Medical school bound and inspired to achieve

Bryce Jerin applied his grandfather's wisdom to a college career well lived

Bryce Jerin isn’t an international student — he grew up in Harrisburg, North Carolina, near Charlotte. But spending the first eight years of his life in India indelibly shaped Bryce’s view of life, education and what matters most.

“I consider myself much more American than Indian, but because I had Indian perspectives instilled in me at a very young age, I never really let go of that,” says Jerin, an Honors College graduate who majored in experimental psychology. “In India, it’s God, education and family, and that’s how every family sees their life. They focus on their religion, on sending their children to school and making sure they do well.”

Jerin certainly checked the “do well” box in college. He graduated summa cum laude and with leadership distinction in peer and civic engagement, having served as a supplemental instructor for five semesters. Engaging with others is why he chose South Carolina — a large university with opportunities to cross paths with a lot of people. “Thinking back to my first semester, I really enjoyed getting to meet a lot of new people, many of whom I am still friends with,” says Jerin.

“I also became really involved in Alpha Epsilon Delta, a pre-professional honors society for students pursuing health care fields, where I made a lot of friends, got the chance to develop relationships with professionals in the health care field, and ended up becoming the chapter president. It helped me gain a lot of perspective and receive advice for how to get into medical school.”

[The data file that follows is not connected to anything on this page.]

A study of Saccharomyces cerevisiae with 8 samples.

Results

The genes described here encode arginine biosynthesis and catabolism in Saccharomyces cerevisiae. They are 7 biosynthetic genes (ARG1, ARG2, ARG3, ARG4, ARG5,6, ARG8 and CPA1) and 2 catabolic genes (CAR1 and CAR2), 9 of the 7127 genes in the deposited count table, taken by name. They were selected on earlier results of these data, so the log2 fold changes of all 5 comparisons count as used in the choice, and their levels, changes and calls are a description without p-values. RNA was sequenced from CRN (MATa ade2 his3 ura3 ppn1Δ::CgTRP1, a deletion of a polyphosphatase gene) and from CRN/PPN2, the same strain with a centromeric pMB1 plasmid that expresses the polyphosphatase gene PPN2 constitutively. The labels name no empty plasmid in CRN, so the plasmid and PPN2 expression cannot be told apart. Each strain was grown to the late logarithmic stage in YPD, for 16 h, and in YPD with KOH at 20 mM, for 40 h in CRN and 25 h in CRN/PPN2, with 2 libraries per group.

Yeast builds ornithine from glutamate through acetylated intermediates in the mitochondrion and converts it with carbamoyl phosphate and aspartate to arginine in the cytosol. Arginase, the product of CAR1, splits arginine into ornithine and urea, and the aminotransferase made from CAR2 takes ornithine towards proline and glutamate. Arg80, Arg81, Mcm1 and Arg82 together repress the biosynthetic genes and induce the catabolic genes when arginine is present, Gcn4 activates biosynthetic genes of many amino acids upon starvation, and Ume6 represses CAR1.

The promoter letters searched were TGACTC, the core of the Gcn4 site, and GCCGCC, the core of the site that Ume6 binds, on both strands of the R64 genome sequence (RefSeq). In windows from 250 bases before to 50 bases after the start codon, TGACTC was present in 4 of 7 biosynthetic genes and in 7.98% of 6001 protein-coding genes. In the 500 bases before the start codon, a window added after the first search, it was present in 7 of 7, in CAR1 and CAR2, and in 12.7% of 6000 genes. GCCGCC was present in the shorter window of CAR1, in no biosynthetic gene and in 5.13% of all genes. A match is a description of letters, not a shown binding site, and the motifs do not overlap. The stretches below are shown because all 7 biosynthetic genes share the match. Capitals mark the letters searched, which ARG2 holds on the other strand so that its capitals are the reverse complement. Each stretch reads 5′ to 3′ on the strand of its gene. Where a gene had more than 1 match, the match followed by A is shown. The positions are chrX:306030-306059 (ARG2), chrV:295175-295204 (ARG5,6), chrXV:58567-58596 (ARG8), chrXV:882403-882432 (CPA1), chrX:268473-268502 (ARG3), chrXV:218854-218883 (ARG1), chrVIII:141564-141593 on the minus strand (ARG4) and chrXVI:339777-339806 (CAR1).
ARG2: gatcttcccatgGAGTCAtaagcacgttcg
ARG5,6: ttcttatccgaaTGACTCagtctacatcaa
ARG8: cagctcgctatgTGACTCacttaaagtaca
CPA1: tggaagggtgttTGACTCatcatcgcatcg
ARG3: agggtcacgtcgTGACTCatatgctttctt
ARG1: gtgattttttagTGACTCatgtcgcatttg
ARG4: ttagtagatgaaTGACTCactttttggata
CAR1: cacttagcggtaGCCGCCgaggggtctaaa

He credits Eileen Korpita, director of the Office of Pre-professional Advising, for his destination this fall — the university’s School of Medicine campus in Columbia. “She connected me with a lot of opportunities and gave me perspective on how to write my personal statement in the application. She was also just an awesome person to talk to.”

Jerin also points to Erin Gatrone, his organic chemistry professor, and Charles Schumpert, his biochemistry professor, with inspiring him to do well in two challenging courses. But when it comes to inspiration, no one can really compare with his grandfather, the man who helped raise him in those early years in India.

“Because I never really had a dad, my grandpa has always been a father figure to me. When he called me and said he was planning on coming to visit me in America, I could not hold my excitement. Even in his old age, my grandpa traveled over three days and thousands of miles to come all the way to the university to see where I lived, offer valuable life advice, and remind me of where I came from.

“We took a walk through my favorite place on campus, the Horseshoe, and he told me in our native language, ‘Whatever you do, whoever you become, always remember to thank God for the blessings you have been given in this life.’ I will always cherish the memory of that walk, and I am grateful for the support, guidance and values he instilled in me since my childhood.”